Increased number of vacant commercial buildings for lease or sale related to social and economic breakdown, bickering in Congress, market or command economy

 
Old 02-10-2009, 06:20 PM
 

The thought I had was that depending on how our esteemed leaders handle this mess, we are either headed toward complete chaos and social/economic breakdown, which will eventually result in the destruction of the state and allow a market economy to be rebuilt, or that we'll head toward the final nationalization and eventual internationalization of everything - property, the means of production, resources, you name it. Either scenario might take several generations to play out, but a new world order seems pretty inevitable at this point, especially given the globalization of the economy and the apparent dearth of good ideas both at home and abroad on how to get out of this mess.
 
Location: Londonderry, NH
 
Location: western East Roman Empire

Having said that, the extent to which a society has a market economy or command economy depends significantly on its stage of historical development (development does not necessarily mean "progress", whatever that means).

Once upon a time, European - mostly British and other northern European - society on the North American continent was young with a new ideology compared to pre-industrial societies. To develop the continent and establish control over it, free market economy was the best tool.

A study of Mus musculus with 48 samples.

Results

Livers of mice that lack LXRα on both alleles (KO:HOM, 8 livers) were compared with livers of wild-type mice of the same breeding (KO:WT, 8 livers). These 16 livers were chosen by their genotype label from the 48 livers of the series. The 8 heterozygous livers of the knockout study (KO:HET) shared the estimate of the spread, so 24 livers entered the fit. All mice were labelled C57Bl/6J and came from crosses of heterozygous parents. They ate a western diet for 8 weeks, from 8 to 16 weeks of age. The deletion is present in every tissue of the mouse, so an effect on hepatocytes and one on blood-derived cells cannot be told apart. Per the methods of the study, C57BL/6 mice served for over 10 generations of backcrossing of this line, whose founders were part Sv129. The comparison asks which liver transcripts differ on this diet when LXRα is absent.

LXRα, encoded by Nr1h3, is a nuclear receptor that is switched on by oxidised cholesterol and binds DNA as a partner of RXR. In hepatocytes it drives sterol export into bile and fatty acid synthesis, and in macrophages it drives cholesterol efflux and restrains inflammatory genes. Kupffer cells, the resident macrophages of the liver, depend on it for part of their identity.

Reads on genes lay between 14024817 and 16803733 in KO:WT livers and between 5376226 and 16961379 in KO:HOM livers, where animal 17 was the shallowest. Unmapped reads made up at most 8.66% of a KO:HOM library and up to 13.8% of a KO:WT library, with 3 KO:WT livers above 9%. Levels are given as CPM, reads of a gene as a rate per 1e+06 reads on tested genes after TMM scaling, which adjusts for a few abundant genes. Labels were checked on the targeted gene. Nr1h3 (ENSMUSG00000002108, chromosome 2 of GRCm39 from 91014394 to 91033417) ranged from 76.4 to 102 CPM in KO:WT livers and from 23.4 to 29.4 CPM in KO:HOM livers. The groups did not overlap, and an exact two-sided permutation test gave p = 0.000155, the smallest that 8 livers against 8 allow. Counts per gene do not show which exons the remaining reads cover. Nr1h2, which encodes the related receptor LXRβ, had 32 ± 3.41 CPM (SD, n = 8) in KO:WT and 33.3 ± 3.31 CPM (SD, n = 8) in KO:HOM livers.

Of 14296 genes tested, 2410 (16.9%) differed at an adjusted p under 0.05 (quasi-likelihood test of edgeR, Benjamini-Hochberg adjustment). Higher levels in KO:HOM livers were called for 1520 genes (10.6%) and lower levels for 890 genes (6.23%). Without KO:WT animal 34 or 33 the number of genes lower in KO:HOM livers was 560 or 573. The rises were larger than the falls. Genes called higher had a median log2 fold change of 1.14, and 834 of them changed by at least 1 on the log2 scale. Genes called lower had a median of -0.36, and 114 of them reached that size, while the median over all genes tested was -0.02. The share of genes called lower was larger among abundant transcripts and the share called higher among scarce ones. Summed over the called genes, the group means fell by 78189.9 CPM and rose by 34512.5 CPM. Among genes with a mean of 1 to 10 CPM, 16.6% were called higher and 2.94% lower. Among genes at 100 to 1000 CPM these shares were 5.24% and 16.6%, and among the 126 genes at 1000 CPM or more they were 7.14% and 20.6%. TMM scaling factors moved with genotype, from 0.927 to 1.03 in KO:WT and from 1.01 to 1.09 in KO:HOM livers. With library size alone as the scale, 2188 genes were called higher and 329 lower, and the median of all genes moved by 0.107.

The shift towards a command economy is more efficient for a class of people that have already attained a degree of wealth and power that they wish to preserve and possibly extend and, for whatever reasons, sharing opportunity with a middle class is no longer deemed expedient.

Any such analysis in this type of venue can only be crude, apologies therefore, but, very briefly, we may fairly state that US society is at that stage now and it is joining the mainstream of human history which, by the way, is mostly bleak.

The spirit of '76 was brilliant while it lasted, but now it's time to say goodnight.

Do not despair, however, because, in the long run, the fate of a nation, or even a civilization, is trivial, there truly are more important things.

Last edited by bale002; 02-13-2009 at 03:27 AM..
 
Originally Posted by bale002 View Post

Do not despair, however, because, in the long run, the fate of a nation, or even a civilization, is trivial, there truly are more important things.
Really? Such as what? Getting your next meal? Cause if that's what you're referring to we could adopt that jungle attitude and screw national allegiances and just dispossess the rich and poor of their spoils or lack thereof, expediting the establishment of anarchy. Since after all, social constructs aimed at the stability of a population (the construct of a Nation) is rather trivial in your estimation. Nah, I rather not be that hedonistic in thinking and give a sh%t about the social construct those who will succeed me will inherit. It's called selflessness, rather counter-intuitive concept to grasp, so I'll give you a pass.